Sex Sells

By Kevin Schram

Sexuality in museums. A topic discussed in the last part of Mark Liddiards research essay ‘Changing Histories: Museums, Sexuality and the Future of the Past’ on the changes occurring in museums, concerning technologies and attitudes towards the past. He argues that questions should be asked about the identity and direction of museums within the UK. His research draws on interviews based on two groups, which also form the first two parts of his article: 49 exploratory interviews with a sample of UK museum staff and 200 semi-structured interviews with museum visitors. Finally, in part three, he implicates his data in nowadays museum practice, where he uses (homo)sexuality as an illustration of the changes he described and discovered in his research.[1]

His research, rightly based on different groups influencing museum work, has some interesting outcomes. Part one focuses on the challenges museum workers face in creating exhibitions, where the concept of marketing turns out to be the greatest issue for exhibition-making, next to ‘inclusiveness’ being a repeating term.[2] Liddiard defines the role of the public in that marketing issue as “the power shift from the sacredness of the collection to the sanctity of the consumer”[3], citing Bryan Appleyard. This citation stresses the role of the visitor of the museum as the most important factor in exhibition-making. Liddiards second part, on the interviews with the visitors, strengthens the role of the consumer by doing 200 interviews with visitors, with one particular interesting outcome: visitors are not mere passive consumers of history, but active participators in the interpretive process and critical examination of exhibitions.[4] Therefore, the public seems to be the determinant factor in museum’s exhibiting policies.

Reactive vs. proactive

In part three Liddiard tries to combine the outcomes of his so-called empirical research (i.e. how can the selection of possibly suggestive interviews with visitors of museums actually be empirical and trustworthy, without showing enough of the counter-reactions in interviews, or any statistics derived from the research?) in an example concerning sexuality in museums, before stating in his conclusion that museums have two ways of creating exhibits: reactive and proactive, the first being a slow reaction to changing attitudes within popular thinking, the last being ground-breaking and perhaps shocking, facing taboos.[5]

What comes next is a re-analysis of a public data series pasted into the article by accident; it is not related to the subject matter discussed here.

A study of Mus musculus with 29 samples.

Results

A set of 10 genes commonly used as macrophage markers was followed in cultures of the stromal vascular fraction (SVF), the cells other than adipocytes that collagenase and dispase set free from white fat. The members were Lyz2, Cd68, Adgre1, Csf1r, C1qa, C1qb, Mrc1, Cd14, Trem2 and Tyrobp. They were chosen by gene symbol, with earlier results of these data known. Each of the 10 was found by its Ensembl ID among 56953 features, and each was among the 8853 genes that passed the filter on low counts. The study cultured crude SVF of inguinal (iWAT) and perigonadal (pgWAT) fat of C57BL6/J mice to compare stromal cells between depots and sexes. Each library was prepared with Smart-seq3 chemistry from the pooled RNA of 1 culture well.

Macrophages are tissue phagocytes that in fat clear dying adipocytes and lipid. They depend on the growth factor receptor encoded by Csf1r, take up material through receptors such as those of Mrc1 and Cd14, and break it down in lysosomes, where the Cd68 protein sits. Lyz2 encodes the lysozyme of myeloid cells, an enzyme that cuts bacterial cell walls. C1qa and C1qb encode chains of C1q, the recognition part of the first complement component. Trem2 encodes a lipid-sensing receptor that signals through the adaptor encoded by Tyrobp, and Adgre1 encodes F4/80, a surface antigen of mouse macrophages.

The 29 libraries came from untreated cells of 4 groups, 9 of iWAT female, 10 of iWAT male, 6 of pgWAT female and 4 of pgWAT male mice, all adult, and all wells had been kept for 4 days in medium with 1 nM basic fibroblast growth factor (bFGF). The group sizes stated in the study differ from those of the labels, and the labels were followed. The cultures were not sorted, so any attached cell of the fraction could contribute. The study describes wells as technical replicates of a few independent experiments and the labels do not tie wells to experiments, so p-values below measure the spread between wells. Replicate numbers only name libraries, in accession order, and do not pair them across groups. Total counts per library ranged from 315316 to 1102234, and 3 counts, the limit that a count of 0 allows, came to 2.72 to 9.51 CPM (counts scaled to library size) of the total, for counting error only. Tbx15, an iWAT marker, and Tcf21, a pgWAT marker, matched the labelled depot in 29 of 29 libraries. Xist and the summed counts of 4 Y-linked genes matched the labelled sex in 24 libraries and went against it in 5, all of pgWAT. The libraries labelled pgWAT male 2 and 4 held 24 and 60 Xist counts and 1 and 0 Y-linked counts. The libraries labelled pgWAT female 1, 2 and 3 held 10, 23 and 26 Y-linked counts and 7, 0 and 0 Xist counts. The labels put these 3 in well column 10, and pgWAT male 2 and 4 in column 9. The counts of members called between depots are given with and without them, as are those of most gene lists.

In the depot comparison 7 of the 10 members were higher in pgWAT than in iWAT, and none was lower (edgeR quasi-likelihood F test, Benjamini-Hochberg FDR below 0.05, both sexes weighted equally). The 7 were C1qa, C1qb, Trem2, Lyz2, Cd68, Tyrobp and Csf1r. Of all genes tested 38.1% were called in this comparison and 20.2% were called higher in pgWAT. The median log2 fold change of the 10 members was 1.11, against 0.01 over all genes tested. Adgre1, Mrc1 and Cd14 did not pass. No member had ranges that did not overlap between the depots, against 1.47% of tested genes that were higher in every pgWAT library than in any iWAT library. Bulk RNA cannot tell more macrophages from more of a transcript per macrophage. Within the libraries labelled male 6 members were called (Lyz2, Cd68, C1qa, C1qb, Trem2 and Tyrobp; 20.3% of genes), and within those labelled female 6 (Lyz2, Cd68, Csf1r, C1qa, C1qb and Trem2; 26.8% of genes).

The trend in exhibiting homosexuality in museums is such a proactive way of creating exhibits according to Liddiard, justifiable from the perspective of inclusiveness derived from results in part one, since it means including marginalized histories.[6] Although it seems proactive, it can also be a reactive response to changing popular thinking, without a museum being forefront and, in Riegels words “not only reflect culture, they also help make it”.[7] I argue here that Liddiard takes on the homosexuality trend too easily as a proactive attitude of the museum world. There are many more factors involved concerning the display of homosexuality in museums. Take for instance the general manager of the Netherlands Museum Association, Siebe Weide, stating during the symposium Queering the Collections that in museums a significant amount of gay people are part of the board, staff and visitors. This can be an important factor in finally creating a gay-related collection.[8]

During this symposium, another related issue was raised concerning an ideally inclusive representation of (queer) history in museums. Tanja Ineke, president chairman of the COC, a Dutch LGBTQI-organization, called for this inclusive history, taking a negative stand against a separate gay museum in Amsterdam, which led to a discussion with University of Amsterdam professor of Gay & Lesbian Studies Gert Hekma.[9] He wanted a separate museum. In my opinion neither are the best at this moment. First and foremost, I think that the history of homosexuality (and other queer-related concepts) should be researched and discovered, to have a substantial base  besides ‘normal’ history. Secondly, museums should start critically analyzing their existing collections from a different perspective, like Jill Austin et al found out in the process forming the Out in Chicago exhibition and the struggles they encountered.[10] What I try to state is that inclusiveness can only exist by the merit of its foundation, which means scientific research and the use of that which is already apparent.


In creating exhibits, Liddiards research is useful as contextual material for anyone participating in the process. Museums being reactive or proactive is a logical reaction to the need to differentiate and define, but remains a problematic distinction, since it focuses on the attitude of the museum and misses its target when actually dealing with people and, especially, when dealing with sexuality. Therefore I choose for inclusiveness as the keyword in displaying sexuality, for which marketing will be no issue: sex sells.

[1] M. Liddiard, “Changing Histories: Museums, Sexuality and the Future of the Past,” Museum and Society, Mar 2004, 2 (1), 15-29, there 15.

[2] Liddiard, “Changing Histories”, 16-17.

[3]B.  Appleyard, “Pleasures or treasures?”, The Sunday Times, 8th August 1999, 4.

[4] Liddiard, “Changing Histories”, 20-21.

[5] Ibidem, 26.

[6] Ibidem, 26.

[7] H. Riegel, ‘Into the Heart of Irony: Ethnographic Exhibitions and the Politics of Difference’, in S. Macdonald and G. Fyfe ed., Theorising Museums, (Oxford 1996) 89.

[8] S. Weide, “Column”, Queering the Collections, 20-3-2015.

[9] T. Ineke & G. Hekma, ‘Discussion round’, Queering the Collections, 20-3-2015.

[10] J. Austin et al., “When the Erotic Becomes Illicit: Struggles over Displaying Queer History at a Mainstream Museum,” Radical History Review 113 (Spring 2012) 187-197, there 192.